The Belfast Telegraph have the only poll of Northern Ireland in the campaign so far, carried out by Inform Communications. Polling in Northern Ireland does not have a stellar record of success, but for the record their topline figures are DUP 26%, Sinn Fein 25%, SDLP 17%, UCUNF 13%, Alliance 7%, TUV 5%.

They have also published breakdowns by constituency – with a total sample size of 3200, this suggests about 180 or so respondents per seat which is, frankly, nigh on useless for predicting a winner in all but safe seats. For what little it is worth though, it would suggest the closest contests are Upper Bann (between SF and DUP), Fermanagh and South Tyrone (between SF and the Independent Unionist candidate), North Antrim (between the DUP and TUV), North Belfast (between DUP and SF) and South Antrim (between UCUNF and DUP).


58 Responses to “Northern Ireland polling”


  2. The horriblly named UCUNF will not win any seats.

    Pity for DC that he weds the Con to a a party unlikely to win any seats (at a time when it the 18 NI seats matters) in the past the Pro-Con Ulster Unionist had a majority of seats….

    DUP wont forgive that partisan intervention.

    Irish voters (milions of them – always lukewarm to Con) wont appreciate DC visit to die hard unionism
    (a unionism now to the right of Paisely), may drve them back to Labour away from Lib Dem, All in all a very Odd staregy for Cons. (nothing new when its comes to NI)

  3. “They have also published breakdowns by constituency – with a total sample size of 3200, this suggests about 180 or so respondents per seat which is, frankly, nigh on useless for predicting a winner in all but safe seats. For what little it is worth though, it would suggest the closest contests are Upper Bann (between SF and DUP), Fermanagh and South Tyrone (between SF and the Independent Unionist candidate), North Antrim (between the SUP and TUV), North Belfast (between DUP and SF) and South Antrim (between UCUNF and DUP).”

    Tony, in North Antrim, did you mean “DUP and TUV”?

  4. Gray – um, yes. Not sure who the SUP are :)

  5. I can think of a few acronyms would suit SUP perfectly. :) But I won’t.

  6. Cross-posting from Slugger….

    In terms of the NI wide poll, the sample size and breadth of sampling points are genuinely impressive. This is good. Literally every other poll I’ve ever seen here has understated the nationalist vote – this doesn’t. That is better. Whether it avoids the other classic boob of NI polling, massively understating the Sinn Féin vote, we shall see on Thursday.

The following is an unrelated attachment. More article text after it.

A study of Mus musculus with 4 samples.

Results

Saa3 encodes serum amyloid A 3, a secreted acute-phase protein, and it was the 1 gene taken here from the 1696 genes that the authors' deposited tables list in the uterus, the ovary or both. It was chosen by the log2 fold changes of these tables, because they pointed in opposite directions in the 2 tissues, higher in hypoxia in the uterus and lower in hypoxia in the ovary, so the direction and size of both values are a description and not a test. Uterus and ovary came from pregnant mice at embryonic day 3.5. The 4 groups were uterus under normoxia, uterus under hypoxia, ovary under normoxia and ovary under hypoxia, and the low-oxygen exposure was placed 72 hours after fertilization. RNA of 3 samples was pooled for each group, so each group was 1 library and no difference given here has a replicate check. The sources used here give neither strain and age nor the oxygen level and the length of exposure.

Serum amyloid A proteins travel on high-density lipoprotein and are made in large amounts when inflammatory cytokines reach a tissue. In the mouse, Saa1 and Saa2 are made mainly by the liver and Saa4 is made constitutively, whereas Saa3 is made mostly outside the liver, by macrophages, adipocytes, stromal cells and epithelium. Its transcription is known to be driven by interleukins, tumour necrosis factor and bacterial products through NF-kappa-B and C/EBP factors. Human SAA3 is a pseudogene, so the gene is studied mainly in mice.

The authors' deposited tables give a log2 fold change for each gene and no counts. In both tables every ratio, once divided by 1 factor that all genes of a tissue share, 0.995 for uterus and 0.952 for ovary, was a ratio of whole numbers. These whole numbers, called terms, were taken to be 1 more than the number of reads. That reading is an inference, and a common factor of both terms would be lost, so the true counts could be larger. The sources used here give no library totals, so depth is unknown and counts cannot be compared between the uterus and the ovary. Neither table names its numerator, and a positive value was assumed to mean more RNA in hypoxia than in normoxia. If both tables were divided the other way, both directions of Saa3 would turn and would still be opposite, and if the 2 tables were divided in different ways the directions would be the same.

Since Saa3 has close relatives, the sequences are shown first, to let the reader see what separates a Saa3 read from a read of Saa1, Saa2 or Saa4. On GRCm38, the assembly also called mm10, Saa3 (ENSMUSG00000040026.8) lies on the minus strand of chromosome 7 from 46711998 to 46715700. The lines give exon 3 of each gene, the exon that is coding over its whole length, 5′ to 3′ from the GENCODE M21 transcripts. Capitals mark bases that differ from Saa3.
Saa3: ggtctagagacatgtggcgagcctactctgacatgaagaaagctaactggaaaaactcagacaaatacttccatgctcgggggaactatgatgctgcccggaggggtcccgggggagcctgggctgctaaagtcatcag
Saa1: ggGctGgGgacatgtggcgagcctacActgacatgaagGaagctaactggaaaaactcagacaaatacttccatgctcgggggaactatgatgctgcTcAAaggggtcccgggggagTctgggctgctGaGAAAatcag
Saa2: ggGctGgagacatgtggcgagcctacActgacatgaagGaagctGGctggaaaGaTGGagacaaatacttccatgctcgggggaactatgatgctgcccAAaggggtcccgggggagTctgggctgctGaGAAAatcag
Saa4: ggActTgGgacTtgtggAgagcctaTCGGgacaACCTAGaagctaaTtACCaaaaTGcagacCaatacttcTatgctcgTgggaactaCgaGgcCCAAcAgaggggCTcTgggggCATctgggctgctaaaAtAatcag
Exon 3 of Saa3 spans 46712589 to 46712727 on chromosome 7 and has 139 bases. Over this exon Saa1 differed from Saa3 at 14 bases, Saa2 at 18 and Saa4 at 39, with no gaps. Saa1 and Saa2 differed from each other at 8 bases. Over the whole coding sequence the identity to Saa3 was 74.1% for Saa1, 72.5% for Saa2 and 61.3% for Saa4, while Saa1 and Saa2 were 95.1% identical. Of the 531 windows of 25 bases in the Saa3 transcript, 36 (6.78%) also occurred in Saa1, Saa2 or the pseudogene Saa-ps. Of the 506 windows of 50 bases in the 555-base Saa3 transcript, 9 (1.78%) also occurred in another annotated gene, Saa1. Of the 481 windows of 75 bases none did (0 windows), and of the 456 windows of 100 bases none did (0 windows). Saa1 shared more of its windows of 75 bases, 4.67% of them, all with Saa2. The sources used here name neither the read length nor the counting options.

I have to say, I would feel more confident if I saw the methodology and full crosstabs.

    As far as the constituency results go, THEY ARE ABSOLUTELY MEANINGLESS. The Telegraph should not have published them, and the polling company ought to have avoided reputational damage by trying to ensure they weren’t published.

    Assuming they have been able to get a genuinely demographically representative sample in each constituency, the margin of error just from random error in a sample of ~90 is over 10%. BUT it is virtually impossible to get a representative sample from 90 people in six sampling points. You might as well just ask 90 of your mates. They’ll have the right number of left- and right-footers in each constituency (itself an improvement on most polling here), and that’s what keeps the results looking half-way credible, but that’s as far as it goes.

  7. @Paddy Matthews The one thing those figures don’t show is the number of SDLP voters who chose not to transfer at all – Northern Ireland uses the variation of STV whereby the surplus is only divided up amongst those with second preferences and the plumpers remain on the original pile.

    In both the 2003 & 2007 Assembly elections the SDLP terminal surpluses/transfers were only able to decide between different Sinn Fein candidates.

    1998 is a long time ago now but when the second SDLP candidate was eliminated his transfers went 1607.00 to Sinn Fein, 643.13 to the UUP, 73.56 to UKUP, 67.69 to the DUP and 2157 non transferable. The transfers to Sinn Fein created a surplus but with only the three Unionist parties still in it – the surplus went 441 UUP, 32 DUP, 43 UKUP and 693.55 non transferable (Northern Ireland also uses the rule that ballot papers can never be worth more than 1 full vote).

  8. @Tim Roll-Pickering:

    I realise it’s not ideal because non-transferable votes would be excluded. An elimination would be preferable from that point of view but the SDLP in FST are good at running as many candidates as can get elected – West Tyrone branch take note.

    1998 is indeed a long time ago, when an IRA ceasefire (and the related memories of the IRA’s campaign) was a recent thing, whereas people are more used to SF in government by now – and Gildernew is not the car crash as a minister that, say, Caitriona Ruane is.

    My suspicion is that the Unionist pact will stick in the craw of a lot of SDLP voters who otherwise would have stayed with their man – whether or not it will be enough to frustrate Connor remains to be seen. It’s a pity for McKinney’s sake because no sooner had he been unveiled than the pact was unleashed and he was relegated to “splitter” status.